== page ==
EGU General Assembly 2022
© Author(s) 2022. This work is distributed under
the Creative Commons Attribution 4.0 License.

Reconstructing Weddell Sea current variability since the LGM: insights from authigenic and detrital radioisotope analyses of marine sediments.

Michael Bollen1, Samuel Jaccard1, Marcus Gutjahr2, Juliane Müller3, and Patrick Blaser1
Michael Bollen et al.
  • 1Institute of Earth Sciences, University of Lausanne, Lausanne 1015, Switzerland
  • 2GEOMAR Helmholtz Center for Ocean Research, Kiel, Germany
  • 3Alfred Wegener Institute, Bremerhaven, Germany

Water-mass transformation in the Weddell Sea is responsible for the generation of 50-70% of Antarctic Bottom Water exported to the global deep ocean, with effects for the deep marine sequestration of atmospheric CO2. Uncertainties in the dynamics of this system urgently need to be addressed to assist with modelling the carbon cycle in the southern high latitudes, and identifying whether the Weddell Sea and the Southern Ocean may act as either a carbon source or sink as the global climate shifts.

In this study, we used sequential acid-reductive leaching and total digestion to obtain neodymium (Nd), lead (Pb), and uranium (U) concentrations and isotopic compositions from both the authigenic and the detrital fractions of sediments from a suite of long-cores and surface sediments around the Weddell Sea. Paired isotope analyses were carried out to reconstruct bottom water conditions during deposition, and determine the sedimentary provenance of lithogenic detritus. The combination allows us to observe the relationship between lithogenic and authigenic phases. Authigenic Nd and Pb isotope signatures were interpreted to reflect pore-water compositions, affected by a combination of bottom-water composition, lithology, and element release from sediments into the pore-water and overlying water column. We further assess whether authigenic U may serve as a proxy for bottom-water oxygenation and ocean productivity at our Southern Scotia Sea sites, giving insight to deep-ocean ventilation and bottom-water export rates from the Weddell Sea.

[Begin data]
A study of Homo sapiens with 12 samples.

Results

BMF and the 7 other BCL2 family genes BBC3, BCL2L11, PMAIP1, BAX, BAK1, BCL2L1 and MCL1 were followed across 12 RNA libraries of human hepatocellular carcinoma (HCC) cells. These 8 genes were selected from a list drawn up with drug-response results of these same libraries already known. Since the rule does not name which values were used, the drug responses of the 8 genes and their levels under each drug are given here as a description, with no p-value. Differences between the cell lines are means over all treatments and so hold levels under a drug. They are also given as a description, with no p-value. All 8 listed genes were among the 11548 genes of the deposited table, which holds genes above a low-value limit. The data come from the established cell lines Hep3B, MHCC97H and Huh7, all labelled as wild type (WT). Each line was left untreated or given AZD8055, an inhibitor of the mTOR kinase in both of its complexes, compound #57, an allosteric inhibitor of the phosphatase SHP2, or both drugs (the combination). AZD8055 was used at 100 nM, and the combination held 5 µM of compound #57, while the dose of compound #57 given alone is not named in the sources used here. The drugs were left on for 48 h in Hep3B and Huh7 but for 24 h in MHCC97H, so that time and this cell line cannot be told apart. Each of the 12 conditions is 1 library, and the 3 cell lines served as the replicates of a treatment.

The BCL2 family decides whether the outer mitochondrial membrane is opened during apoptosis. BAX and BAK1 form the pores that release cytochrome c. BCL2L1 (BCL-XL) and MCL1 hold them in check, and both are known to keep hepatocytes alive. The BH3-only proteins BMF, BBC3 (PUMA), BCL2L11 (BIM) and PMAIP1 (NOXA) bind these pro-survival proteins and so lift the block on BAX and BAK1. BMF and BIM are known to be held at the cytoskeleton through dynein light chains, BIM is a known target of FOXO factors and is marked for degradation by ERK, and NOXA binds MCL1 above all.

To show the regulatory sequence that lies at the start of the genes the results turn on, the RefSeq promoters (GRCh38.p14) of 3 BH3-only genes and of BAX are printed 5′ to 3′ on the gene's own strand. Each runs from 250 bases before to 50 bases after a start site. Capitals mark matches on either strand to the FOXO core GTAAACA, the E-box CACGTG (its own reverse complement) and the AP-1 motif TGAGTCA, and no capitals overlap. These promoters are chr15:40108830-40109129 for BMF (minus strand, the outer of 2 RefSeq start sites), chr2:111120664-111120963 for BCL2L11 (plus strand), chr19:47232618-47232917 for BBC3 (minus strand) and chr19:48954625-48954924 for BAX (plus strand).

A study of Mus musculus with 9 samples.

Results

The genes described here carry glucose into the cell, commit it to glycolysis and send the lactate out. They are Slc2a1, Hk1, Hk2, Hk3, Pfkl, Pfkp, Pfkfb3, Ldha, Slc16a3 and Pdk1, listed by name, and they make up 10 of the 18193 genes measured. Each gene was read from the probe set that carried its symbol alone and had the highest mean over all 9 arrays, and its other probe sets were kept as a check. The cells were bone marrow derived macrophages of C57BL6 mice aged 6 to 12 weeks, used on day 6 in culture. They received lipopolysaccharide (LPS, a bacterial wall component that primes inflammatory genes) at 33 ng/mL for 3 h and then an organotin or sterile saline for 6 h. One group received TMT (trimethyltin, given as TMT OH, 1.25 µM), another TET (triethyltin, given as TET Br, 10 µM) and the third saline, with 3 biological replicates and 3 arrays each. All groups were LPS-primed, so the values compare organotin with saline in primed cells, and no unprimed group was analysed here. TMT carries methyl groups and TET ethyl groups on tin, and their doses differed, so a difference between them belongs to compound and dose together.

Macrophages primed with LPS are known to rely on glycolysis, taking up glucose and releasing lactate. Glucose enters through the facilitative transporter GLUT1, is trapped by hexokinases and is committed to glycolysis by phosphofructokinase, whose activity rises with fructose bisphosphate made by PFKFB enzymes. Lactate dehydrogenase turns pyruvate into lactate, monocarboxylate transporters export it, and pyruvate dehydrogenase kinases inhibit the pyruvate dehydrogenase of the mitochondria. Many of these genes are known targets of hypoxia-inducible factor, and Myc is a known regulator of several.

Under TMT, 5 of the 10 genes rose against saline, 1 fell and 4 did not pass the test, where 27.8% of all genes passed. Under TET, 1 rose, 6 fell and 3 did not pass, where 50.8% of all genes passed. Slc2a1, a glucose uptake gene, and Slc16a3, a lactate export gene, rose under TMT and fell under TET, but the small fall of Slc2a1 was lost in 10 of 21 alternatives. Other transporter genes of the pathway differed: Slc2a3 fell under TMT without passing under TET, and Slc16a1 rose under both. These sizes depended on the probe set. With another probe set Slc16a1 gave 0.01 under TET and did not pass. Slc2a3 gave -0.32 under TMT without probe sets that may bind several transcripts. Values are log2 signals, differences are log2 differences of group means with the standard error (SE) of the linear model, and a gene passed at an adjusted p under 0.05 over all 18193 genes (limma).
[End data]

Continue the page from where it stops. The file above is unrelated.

Our results suggest that detrital isotopic records indicate an increase in sediment delivery from the East Antarctic to the northwestern Weddell Sea during the deglacial. We hypothesize that this was the result of a strengthening in the Weddell Gyre or Antarctic Circumpolar Current at this time. Here, we present an updated dataset of new authigenic and detrital measurements from the Weddell Sea investigating this hypothesis, and we unveil new details of the dynamic nature of Weddell Sea circulation and ice-ocean interactions over the last 30 kyr.

How to cite: Bollen, M., Jaccard, S., Gutjahr, M., Müller, J., and Blaser, P.: Reconstructing Weddell Sea current variability since the LGM: insights from authigenic and detrital radioisotope analyses of marine sediments., EGU General Assembly 2022, Vienna, Austria, 23–27 May 2022, EGU22-6923,, 2022.